The New Awakened Sobriety

Finding Freedom with the 12 Steps of Alcoholics Anonymous

 The Nature of Alcoholismalcoholism-treatment-guide

We admitted we were powerless over alcohol
that our lives had become unmanageable”

Step One

Alcoholism is a disease. The alcoholic seems to have some genetic predisposition to drink. There are many texts and books on the medical description of alcoholism and treatment protocols. Our own experience of the effects of long drinking has shown us that “the body of the alcoholic is quite as abnormal as his mind. As part of our service work in AA., we often assist the suffering alcoholic in obtaining hospitalization and treatment. Our literature recognizes alcoholism to be “a seemingly hopeless state of mind and body. While initial hospitalization and rehabilitation for detoxification is important for the suffering alcoholic, the ultimate solution to the alcohol problem worked out in the experience of recovering alcoholics in AA. is not found in hospitalization, treatments or physical cures. It is found “on the spiritual as well as an altruistic plane.”

Much has been written about the development of craving and the obsession to drink that so occupies the mind of the real alcoholic, driving her to yet another spree. It is with this obsession that the AA. recovery program begins. Hospitalization and medical treatment may often be required to stabilize the active alcoholic, relieve his physical suffering and dear his mind. But it is the obsession that leads this person back to the bar upon discharge from the hospital. And it is this obsession that becomes the focus of the spiritual solution. Our entire program of recovery comes into sharp focus at the point of the alcoholic’s obsession to drink. “AA.’s Twelve Steps are a group of principles, spiritual in their nature, which, if practiced as a way of life, can expel the obsession to drink and enable the sufferer to become happily and usefully whole.Awakened Sobriety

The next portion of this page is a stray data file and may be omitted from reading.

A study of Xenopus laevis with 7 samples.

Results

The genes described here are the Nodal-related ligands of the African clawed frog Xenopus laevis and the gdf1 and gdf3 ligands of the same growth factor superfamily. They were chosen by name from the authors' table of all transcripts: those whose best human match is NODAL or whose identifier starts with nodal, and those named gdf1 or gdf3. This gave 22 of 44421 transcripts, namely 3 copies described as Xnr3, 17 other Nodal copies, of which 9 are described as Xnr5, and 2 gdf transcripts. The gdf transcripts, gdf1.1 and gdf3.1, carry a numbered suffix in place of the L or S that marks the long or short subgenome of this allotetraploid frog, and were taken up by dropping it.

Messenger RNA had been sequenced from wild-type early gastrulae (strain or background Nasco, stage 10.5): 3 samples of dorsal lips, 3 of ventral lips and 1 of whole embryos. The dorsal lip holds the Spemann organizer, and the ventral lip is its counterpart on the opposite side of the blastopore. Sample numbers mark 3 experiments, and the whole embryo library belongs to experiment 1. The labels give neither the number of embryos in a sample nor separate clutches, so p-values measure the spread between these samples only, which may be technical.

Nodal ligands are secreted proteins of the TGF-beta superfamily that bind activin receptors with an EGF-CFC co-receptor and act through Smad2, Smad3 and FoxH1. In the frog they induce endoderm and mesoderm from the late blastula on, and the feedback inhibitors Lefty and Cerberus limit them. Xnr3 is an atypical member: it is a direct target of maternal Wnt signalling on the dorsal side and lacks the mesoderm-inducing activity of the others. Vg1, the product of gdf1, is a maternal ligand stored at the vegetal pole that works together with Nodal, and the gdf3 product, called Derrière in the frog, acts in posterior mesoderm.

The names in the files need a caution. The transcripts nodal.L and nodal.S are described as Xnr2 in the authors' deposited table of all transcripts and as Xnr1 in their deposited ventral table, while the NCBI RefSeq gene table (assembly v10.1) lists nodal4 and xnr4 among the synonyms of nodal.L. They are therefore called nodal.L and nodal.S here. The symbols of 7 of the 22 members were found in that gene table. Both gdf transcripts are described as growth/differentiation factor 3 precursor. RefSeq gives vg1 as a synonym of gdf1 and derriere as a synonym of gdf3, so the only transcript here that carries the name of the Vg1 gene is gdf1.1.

When I first came into recovery, I wanted to know why I drank the way I did. But when I asked people, I was told that I drank that way because I was an alcoholic. “Look, Gregg, it’s your nature as an alcoholic to drink. Fish swim in water; you swim in a sea of alcohol.” This answer satisfied me for some months while I sobered up and dried out, but left me wondering afterwards. There was yet another, deeper, level to the question. If I drank because I had a disease with an obsession to drink, then why did I continue to drink after I understood my condition? Now that I had stopped, why would I ever start again? And yet that is the very tragic condition of the alcoholic. Knowing her condition, “the actual or potential alcoholic, with hardly an exception, will be absolutely unable to stop drinking on the basis of self-knowledge.